The provincial Ministry of Social Services has been under fire in recent weeks over expenses paid out for emergency hotel stays in Regina. The concerns were raised by the opposition NDP after they learned the rate charged by the Sunrise Motel, owned by Saskatchewan Party MLA Gary Grewal, was higher than the standard rate they charge. It was then learned the amount spent for emergency stays at the Sunrise, and the Thirftlodge, another hotel Grewal is an investor in, increased by nearly $730,000 since he was elected in 2020.  

Jeff Redekop is the executive director of Income Assistance Service Delivery with the Ministry of Social Services. He spoke to the media and explained they have been working to ensure people in need of emergency shelter, be it a stay at a shelter or in a hotel, are taken care of.  

He was asked how the Thriftlodge and Sunrise were selected for use after 2020 when they hadn’t been in use before that.  

“Our staff and ministry, their priority is looking after clients to make sure that people are safe and secure, and have a place to stay, so they would look to refer to an individual, they might look to speaking with the individual to stay with a friend if they’ve got an option, or to a hotel,” Redekop said. “It was a matter of which hotels were available which would accept a client from our ministry.” 

The process, however, has changed in recent weeks, he elaborated.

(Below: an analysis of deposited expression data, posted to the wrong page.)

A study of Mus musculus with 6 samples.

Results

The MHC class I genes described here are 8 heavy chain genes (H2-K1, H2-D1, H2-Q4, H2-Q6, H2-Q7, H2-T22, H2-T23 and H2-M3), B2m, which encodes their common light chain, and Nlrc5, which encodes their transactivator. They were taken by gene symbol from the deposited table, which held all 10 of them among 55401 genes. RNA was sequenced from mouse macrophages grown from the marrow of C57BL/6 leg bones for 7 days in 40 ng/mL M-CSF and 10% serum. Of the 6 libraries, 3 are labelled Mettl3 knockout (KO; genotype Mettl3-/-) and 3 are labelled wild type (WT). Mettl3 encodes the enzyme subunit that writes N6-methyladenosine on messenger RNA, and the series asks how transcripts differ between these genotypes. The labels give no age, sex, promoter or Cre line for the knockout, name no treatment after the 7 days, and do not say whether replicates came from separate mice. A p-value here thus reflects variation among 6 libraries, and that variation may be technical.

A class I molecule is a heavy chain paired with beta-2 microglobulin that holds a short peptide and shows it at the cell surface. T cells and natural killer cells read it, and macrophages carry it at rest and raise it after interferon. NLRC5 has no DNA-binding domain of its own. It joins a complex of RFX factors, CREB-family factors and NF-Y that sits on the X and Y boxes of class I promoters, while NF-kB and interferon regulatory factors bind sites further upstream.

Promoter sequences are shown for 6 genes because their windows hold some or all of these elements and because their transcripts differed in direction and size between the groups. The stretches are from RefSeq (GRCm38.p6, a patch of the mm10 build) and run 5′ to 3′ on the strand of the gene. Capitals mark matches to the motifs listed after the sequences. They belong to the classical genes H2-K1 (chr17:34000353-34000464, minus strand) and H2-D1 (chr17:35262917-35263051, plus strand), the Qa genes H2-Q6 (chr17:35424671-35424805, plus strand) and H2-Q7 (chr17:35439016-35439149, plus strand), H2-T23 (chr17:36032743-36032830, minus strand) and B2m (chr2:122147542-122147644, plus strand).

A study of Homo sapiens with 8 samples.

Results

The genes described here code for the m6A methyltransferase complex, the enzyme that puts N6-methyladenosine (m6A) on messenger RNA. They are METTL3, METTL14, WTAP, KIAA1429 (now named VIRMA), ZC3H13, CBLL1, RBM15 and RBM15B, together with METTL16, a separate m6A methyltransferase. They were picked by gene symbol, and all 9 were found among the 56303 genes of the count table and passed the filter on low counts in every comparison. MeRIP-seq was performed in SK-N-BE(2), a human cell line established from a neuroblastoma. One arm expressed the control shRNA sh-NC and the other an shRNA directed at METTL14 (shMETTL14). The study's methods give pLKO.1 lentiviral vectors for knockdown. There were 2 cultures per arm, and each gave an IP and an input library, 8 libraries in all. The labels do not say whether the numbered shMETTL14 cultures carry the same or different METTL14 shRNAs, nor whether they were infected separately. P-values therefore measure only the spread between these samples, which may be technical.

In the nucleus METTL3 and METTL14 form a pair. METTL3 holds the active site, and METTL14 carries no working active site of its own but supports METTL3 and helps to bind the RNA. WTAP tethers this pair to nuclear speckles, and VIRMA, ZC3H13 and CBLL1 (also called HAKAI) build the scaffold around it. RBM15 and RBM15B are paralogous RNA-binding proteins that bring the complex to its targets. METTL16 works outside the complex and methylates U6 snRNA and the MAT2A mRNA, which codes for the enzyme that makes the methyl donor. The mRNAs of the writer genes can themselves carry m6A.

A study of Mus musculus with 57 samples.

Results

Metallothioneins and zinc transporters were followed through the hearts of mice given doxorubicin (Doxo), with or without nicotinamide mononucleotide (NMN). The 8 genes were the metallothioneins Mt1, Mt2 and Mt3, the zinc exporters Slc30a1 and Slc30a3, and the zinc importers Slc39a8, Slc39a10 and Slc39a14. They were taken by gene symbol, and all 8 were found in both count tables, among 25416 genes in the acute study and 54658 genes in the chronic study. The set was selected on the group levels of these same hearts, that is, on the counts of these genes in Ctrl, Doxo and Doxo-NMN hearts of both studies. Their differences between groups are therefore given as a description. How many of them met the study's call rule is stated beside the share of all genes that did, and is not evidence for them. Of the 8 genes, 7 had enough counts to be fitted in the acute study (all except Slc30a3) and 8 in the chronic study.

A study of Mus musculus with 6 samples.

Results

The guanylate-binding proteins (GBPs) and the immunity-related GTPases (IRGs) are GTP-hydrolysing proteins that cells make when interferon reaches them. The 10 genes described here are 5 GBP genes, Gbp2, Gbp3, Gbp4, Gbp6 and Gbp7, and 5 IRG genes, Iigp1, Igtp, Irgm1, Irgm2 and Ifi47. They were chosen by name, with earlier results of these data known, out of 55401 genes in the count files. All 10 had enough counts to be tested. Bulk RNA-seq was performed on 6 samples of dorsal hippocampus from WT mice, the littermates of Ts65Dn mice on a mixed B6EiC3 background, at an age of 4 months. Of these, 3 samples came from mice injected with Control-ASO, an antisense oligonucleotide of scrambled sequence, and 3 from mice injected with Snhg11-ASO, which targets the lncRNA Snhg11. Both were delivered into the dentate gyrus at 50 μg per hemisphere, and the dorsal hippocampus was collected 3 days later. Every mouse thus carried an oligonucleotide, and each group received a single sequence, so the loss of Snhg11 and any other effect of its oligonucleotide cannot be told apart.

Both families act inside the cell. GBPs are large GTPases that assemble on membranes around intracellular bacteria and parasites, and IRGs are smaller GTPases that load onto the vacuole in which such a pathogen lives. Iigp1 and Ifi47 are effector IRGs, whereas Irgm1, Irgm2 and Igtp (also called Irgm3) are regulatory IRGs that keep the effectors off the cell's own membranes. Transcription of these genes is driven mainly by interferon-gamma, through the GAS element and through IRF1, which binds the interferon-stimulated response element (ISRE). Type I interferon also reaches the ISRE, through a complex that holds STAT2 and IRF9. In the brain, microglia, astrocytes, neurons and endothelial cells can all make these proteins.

“We’ve implemented a new procedure where we seek three quotes from hotels in communities, including Regina, Saskatoon, Prince Albert, and Moose Jaw, and we look for the lowest quote,” Redekop continued. “When someone comes in to require a stay, our staff will go down the list and select the lowest quote and then move to the next one, and move to the next one, and the bottom line is always making sure that people are served and safe.” 

When asked about the ownership of the hotels, and the costs associated with the stays at various hotels, Redekop said the ministry doesn’t keep a list of who owns what hotels.  

“Frontline staff are looking for what options are available for clients who are in need,” Redekop stated. “The ministry has generally no knowledge of who owns the hotel, and has never been instructed by the government to use a certain hotel.” 

When pressed about the use of Thriftlodge and Sunrise before 2020, Redekop reiterated it was a matter of the availability of rooms at motels that would accept a client from Social Services. 

“I don’t know at a concrete level what was available back at that time. I know the process certainly was to make sure the clients were served.” 

The Ministry of Social Services is also looking at changing the process slightly for Regina and Saskatoon as well. A request for proposal is being launched to secure a block of five rooms in Saskatoon, and five more in Regina, as a demonstration to find out more about the process, and what the rates would be.